2011 convention DVD

A tour of the railways open at the 2011 National Garden Railway Convention in Kansas City
DVD review
Backyard Garden Railroads—2011 National Garden Railway Convention DVD
Lang Group Photographic Services
Price: $24.95 + s&h
Website: www.langgroupphoto.com

Two-disk DVD set covering the railroads at the 2011 National Garden Railway Convention in Kansas City
Videos of the garden railways at the National Garden Railway Conventions have always been great souvenirs of the events, offering those who attended a chance to remember the railways they saw, and to watch on TV the ones they couldn’t get to. For those who could not attend the convention, they’re often a great collection of different styles of garden railways from which the viewer can draw inspiration.

This year’s convention was held in Kansas City. The convention video that highlights the railroads on tour does an admirable job of giving the viewer a sense of what was there. The program is a two-disk set, covering not quite two dozen of the garden railroads on the convention tour, as well as two ride-on-scale railroads and two display railroads; one large-scale, one 0-scale (Lionel).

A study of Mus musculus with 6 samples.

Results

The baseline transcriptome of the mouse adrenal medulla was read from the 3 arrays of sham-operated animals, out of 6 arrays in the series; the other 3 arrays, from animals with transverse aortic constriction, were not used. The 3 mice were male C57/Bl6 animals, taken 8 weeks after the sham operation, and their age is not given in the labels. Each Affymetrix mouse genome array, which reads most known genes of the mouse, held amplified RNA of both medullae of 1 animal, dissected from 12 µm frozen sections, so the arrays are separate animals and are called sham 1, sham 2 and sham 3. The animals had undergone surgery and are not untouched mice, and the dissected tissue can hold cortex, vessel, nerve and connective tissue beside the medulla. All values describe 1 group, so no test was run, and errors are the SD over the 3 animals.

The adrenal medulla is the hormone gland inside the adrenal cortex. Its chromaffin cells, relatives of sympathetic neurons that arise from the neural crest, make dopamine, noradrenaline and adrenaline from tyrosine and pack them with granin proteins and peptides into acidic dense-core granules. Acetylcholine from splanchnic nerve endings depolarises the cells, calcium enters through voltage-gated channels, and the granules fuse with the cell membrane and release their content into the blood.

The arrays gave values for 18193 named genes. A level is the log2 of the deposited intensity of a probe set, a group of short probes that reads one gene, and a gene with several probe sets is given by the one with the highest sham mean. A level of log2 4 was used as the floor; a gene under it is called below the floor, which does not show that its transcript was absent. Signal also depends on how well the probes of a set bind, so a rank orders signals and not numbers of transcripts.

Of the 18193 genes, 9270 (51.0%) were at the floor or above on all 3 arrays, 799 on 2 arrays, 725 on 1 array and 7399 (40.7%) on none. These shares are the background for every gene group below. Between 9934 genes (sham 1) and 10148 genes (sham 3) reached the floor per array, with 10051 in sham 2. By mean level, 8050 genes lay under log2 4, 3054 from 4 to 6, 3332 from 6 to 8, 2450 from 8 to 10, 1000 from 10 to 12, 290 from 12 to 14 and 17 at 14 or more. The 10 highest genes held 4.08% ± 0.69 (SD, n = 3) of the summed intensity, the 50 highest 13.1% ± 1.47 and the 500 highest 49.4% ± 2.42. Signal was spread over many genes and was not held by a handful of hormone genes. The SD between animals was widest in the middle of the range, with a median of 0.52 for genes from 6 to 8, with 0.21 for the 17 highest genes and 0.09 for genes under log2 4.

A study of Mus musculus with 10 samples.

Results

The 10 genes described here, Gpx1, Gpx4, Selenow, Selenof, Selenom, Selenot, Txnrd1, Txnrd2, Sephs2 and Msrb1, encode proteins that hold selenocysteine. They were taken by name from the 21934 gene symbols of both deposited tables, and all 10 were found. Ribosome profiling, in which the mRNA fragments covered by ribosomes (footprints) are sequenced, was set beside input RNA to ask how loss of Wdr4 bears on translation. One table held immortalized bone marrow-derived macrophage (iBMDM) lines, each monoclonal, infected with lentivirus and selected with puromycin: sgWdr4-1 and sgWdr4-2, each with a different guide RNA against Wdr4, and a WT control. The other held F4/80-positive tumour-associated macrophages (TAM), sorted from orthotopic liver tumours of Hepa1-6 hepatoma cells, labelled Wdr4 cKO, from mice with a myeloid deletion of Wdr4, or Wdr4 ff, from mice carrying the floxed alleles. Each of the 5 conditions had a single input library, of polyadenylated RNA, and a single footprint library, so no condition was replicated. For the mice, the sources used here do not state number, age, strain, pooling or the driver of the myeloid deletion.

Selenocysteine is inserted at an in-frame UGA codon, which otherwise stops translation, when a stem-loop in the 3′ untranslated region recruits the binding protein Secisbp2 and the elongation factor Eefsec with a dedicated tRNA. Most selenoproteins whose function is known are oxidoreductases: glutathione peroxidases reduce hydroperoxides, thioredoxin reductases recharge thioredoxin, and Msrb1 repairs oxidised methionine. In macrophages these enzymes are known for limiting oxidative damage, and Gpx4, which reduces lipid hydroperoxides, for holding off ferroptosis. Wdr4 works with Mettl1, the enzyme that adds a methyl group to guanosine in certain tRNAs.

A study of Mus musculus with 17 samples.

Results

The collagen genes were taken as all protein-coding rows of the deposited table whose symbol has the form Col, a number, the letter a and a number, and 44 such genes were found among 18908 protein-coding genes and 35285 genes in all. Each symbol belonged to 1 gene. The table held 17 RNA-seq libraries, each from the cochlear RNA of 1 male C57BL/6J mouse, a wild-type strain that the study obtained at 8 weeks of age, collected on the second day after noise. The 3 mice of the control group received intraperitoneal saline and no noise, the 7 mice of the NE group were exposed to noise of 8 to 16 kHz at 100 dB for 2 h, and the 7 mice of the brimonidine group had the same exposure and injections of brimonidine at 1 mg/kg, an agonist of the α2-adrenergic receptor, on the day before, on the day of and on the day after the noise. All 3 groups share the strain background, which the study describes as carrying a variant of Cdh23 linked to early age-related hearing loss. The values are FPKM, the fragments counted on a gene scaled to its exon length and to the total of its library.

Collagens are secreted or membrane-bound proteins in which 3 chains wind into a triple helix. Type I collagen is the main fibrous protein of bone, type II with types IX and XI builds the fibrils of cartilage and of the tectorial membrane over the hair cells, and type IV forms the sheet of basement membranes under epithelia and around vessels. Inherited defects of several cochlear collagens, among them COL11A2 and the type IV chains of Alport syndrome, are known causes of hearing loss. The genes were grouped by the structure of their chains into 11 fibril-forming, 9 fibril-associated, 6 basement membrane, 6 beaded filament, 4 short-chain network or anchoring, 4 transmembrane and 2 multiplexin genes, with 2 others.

The video opens with a “welcome” introduction segment that has a little fun with some special effects, shrinking Britney, the host, down to the scale of the trains. From there, the program launches into individual segments on each of the railroads. Each of these begins with a brief interview of the railroad’s owners, followed by a montage of shots of the trains running around the railroad.

The production values are high. There is a good mix of shots, giving the viewer a fair sense of what each railroad looks like. The ground-level shots really made the trains look larger than life, though I found the speeds at which some of them ran through the frame to be too fast for my eyes. There were some nice shots edited in, showcasing some of the detail the railroad builders worked into their lines, though I always tend to want even more of that, especially on the scratchbuilt or kitbashed models.

The thing I liked best about this video was that the sound of the trains themselves was very clear. The segments also have some background music but it’s at a comfortable level in the background—something I wish more video producers would take to heart. I was aware of it, but the trains still took center stage. I could hear the clickety-clack of the wheels over the rails, and whatever sound systems the railroads’ owners had installed (if any).

Overall, this was an enjoyable video. I don’t think there was any single railroad that really grabbed my attention but there were tidbits that I found interesting on pretty much all of them (and the ride-on stuff at the end of Disk 2 is just cool). And the program’s certainly entertaining for the five-and-under crowd, if you’re looking for something to keep them occupied for a time.